Interest in augmented reality has grown significantly in spine in the last decade, stemming from a desire to limit complications linked to instrumented spine surgery and improving procedural efficiency.
Surgeons at Baltimore-based Johns Hopkins University recently performed the first two spinal surgeries using Augmedics' xvision Spine System, reportedly the first AR technology for spine surgery.
Five spine surgeons share their thoughts on the future of AR in spine:
Christopher Good, MD. Virginia Spine Institute (Reston): I foresee the modern OR using AR not only to enhance navigation and instrumentation, but to also provide surgeons endoscopic or magnified views of the patient's anatomy, and to superimpose clinical and radiographic data all on a simple to use heads-up display. I see this as a huge breakthrough with the potential to streamline and partner several technologies in the OR. We have already seen this technology incorporated into many areas outside of medicine. I believe there will be a strong patient interest and demand for AR as we continue to push to make our surgeries safer and less invasive.
Mark Mikhael, MD. NorthShore Orthopaedic Institute and Illinois Bone & Joint Institute (Chicago & Glenview, Ill.): It's too early to know the true impact of AR and virtual reality in spine, but I do see it as another tool to help surgeons with navigation. For AR, instead of relying on the preop scans and imaging as well as the bulky equipment — the monitors and mobile systems — we have a high-tech headset with glasses. I see two advantages with the setup.
First, we have the ability to look directly at the patient while performing surgery, seeing the anatomy through the glasses, instead of looking up at the monitor; and second, we don't have a lot of equipment in the surgical suite with us. Overall, it seems to cut cost and clutter in the OR. But we still don't know the accuracy of the technology and its reproducibility — how well it will work in the hands of all surgeons with varying degrees of experience. VR is a similar approach. Navigation systems are here to stay, but I expect it will be another five years before AR and VR are fully adopted. We will likely stay with traditional navigation until then.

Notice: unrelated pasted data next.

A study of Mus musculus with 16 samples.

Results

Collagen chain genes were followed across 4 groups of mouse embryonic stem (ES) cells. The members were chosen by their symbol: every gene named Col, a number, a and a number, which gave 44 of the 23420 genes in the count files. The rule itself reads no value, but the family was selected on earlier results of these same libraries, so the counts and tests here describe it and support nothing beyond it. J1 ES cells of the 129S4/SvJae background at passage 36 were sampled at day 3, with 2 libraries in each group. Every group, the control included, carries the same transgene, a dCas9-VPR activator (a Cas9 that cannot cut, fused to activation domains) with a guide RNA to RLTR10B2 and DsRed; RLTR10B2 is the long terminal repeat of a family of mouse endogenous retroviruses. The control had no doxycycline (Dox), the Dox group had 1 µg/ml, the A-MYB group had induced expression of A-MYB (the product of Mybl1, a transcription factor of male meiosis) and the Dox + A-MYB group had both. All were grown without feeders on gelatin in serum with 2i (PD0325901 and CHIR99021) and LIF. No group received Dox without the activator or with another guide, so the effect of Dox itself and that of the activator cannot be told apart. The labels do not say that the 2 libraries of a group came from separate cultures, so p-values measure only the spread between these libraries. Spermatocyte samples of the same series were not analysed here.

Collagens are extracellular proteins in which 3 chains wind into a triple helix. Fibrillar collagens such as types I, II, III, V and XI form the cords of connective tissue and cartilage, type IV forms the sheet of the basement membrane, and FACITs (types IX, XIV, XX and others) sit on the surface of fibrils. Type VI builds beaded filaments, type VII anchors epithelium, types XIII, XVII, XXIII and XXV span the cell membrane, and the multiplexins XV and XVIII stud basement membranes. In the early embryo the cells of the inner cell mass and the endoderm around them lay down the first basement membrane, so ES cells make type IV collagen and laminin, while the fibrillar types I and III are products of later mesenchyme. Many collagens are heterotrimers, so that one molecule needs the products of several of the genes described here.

Brian Gantwerker, MD. Craniospinal Center of Los Angeles: The next big innovation will be the development of a spinal robot that actually helps us do the surgery part of the operation. While the placement of pedicle screws with robots is making surgery safer, it is not the game- changer we are waiting for. When we can marry intraoperative visualization with augmented reality and a robot, then you're talking revolution.
Raymond Hah, MD. Keck School of Medicine of USC (Los Angeles): I am very excited to see the way that robotics will be applied beyond the limited scope of assisting planned pedicle screw placement, including potential motion restriction for "no-fly zones," automation of surgical decompression and use of artificial intelligence and machine learning for anatomy recognition and guidance of surgical execution. An interesting overlap will be as AR becomes available in a commercially applicable fashion and the ways that this may assist surgeons intraoperatively. This could also prove to be an extremely valuable tool for presurgical planning as well as patient education.
Frank Phillips, MD. Rush University Medical Center (Chicago): I am particularly excited by the use of AR in spine surgery. Recently the FDA has approved a unique system that comprises a headset with integrated tracking cameras and direct retinal near-eye display that provides for virtual 3D visualization of the spinal anatomy as well as standard 2D CT navigation images. At Rush we performed the cadaveric testing of this system that resulted in FDA approval, and I was highly impressed with the advantages this system provides.